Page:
Manual processing costs financial services £10m a year

Financial services firms are losing millions of pounds due to manual processing of agreements, according to 4C research.

The average loss is over £10 million a year, while 31 per cent of companies lose £1 million or more a year.

The digital consultancy interviewed 100 finance professionals, at manager level and above, finding that lack of automation is resulting in wasted resource. Businesses are spending an average of 78 hours per month processing agreements, with 13 per cent spending over 200 hours per month.

Jani Van Hecke, head of the contract lifecycle management practice at 4C, pointed out that businesses often neglect the non-customer-facing part of the business, “so it’s no surprise that the manual processing of agreements is resulting in lost money and time for financial services companies”.

Only 11 per cent of financial services firms have a fully automated process for managing their agreements, while just seven per cent of agreements have access restricted to the named owners.

The vast majority of financial services companies (93 per cent) have experienced issues as a result of non-automation and 47 per cent have suffered financial losses as a result.

Issues cited include human error, such as incorrect document disposal (56 per cent) and time delays to projects (49 per cent). A similar proportion (47 per cent) have suffered financial losses as a result of manual processes, while a further 43 per cent are seeing agreement crossover, with people signing different versions of the same document.

Just over a quarter have suffered non-compliance (30 per cent) or other legal issues (25 per cent). Around two in five financial services companies (39 per cent) admitted to having unintentionally allowed an agreement or contract to expire.

At the same time, 61 per cent of respondents said they see full digitisation and automation of their manual agreement processes as very important.

Half of the organisations which have not yet fully digitised cited cost (47 per cent) as a barrier to moving in this direction, while 42 per cent reported concerns around data security and 39 per cent said company culture were key barriers.

Despite these barriers, those surveyed said they could see the benefit in fully digitising their agreement processes. The key perceived benefits among those still operating at least some manual processes were data safety (39 per cent), higher employee productivity (36 per cent) and an improved customer experience (34 per cent).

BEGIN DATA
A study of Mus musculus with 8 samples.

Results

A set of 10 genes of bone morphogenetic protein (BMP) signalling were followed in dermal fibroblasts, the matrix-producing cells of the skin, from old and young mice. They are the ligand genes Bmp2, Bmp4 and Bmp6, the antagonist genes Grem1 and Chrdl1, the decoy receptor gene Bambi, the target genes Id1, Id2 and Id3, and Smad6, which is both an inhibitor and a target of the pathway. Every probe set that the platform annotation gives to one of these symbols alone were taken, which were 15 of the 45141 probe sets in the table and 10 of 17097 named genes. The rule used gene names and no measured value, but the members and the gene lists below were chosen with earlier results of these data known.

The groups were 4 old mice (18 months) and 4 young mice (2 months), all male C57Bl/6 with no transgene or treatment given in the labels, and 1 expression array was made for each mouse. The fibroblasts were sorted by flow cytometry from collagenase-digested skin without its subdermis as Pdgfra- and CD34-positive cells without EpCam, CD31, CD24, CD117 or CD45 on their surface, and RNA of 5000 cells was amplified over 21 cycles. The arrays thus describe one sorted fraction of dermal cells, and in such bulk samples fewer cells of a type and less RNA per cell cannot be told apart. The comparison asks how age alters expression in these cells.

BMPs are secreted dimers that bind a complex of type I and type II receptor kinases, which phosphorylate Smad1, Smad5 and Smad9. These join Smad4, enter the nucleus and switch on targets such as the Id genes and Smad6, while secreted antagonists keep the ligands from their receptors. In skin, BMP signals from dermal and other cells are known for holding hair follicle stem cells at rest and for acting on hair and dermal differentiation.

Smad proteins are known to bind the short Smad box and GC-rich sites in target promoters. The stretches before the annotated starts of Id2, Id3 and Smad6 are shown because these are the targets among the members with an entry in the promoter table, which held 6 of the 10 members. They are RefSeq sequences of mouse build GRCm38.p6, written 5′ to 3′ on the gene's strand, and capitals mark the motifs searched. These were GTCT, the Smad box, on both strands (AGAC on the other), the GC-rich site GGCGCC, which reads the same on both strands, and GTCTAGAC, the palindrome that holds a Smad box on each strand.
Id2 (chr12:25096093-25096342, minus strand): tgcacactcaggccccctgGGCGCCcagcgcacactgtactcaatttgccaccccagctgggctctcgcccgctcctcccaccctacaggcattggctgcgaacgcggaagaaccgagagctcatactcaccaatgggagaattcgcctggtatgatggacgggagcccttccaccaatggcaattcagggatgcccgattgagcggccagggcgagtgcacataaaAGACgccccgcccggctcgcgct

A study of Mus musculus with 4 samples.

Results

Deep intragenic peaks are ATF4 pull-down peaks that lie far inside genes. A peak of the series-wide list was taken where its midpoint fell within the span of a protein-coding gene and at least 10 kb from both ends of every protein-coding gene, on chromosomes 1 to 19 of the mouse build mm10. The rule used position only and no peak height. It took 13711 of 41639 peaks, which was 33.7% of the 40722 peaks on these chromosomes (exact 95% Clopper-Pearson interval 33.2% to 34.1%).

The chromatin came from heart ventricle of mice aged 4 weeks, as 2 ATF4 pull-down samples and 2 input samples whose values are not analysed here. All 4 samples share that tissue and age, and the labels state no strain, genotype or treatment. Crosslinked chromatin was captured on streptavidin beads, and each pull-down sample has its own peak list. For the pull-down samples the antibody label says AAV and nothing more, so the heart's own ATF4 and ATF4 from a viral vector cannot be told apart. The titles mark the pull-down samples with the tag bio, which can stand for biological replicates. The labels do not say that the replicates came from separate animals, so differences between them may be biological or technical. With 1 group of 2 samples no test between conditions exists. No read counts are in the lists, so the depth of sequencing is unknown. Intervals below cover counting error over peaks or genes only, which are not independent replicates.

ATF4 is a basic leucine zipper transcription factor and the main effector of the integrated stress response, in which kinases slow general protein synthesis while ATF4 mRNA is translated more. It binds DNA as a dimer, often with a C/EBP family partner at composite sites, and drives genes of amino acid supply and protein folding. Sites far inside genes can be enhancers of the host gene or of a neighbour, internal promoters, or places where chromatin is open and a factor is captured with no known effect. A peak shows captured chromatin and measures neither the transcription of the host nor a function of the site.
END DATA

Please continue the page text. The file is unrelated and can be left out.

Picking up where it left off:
Gareth Stephens, UK chief executive at 4C, added: “Cost and data security were cited as barriers to automation, yet our report shows that access to contracts is currently open within businesses and that manual processing is hurting revenues.”

    Share Story:

Recent Stories

The Future of Intelligent Finance
FStech Group Editor Mark Evans sits down with Jason Cao, President of Global Financial Services Business Unit, Enterprise BG at Huawei ahead of its Intelligent Finance Summit which was held on 3rd and 4th of June in Shanghai. This Q&A delves into key trends in digital transformation of the financial services industry as well as a look at how data, robotic infrastructure, intelligent storage and innovative technologies are shaping the future for FSIs.

The Rise of Instant Payments
Instant payments are creating new business opportunities for banks by providing more touchpoints than ever. With these evolutions underway, Featurespace brought leading industry experts together to discuss how they are protecting customers from fraudsters in real time, utilizing innovative and disruptive solutions to reduce fraud. Click here to find out more.

Offloading Cyber Risk in the Cloud
As cyber attacks and data breaches are in the news on an increasingly regular basis - with regulatory penalties and customer trust on the line for financial services firms - it has never been more crucial to be compliant in the cloud.

This video, with Akamai’s EMEA director of security technology and strategy Richard Meeus, will help explain what your company can be doing to make sure it’s not embroiled in the next big fine or front-page scandal.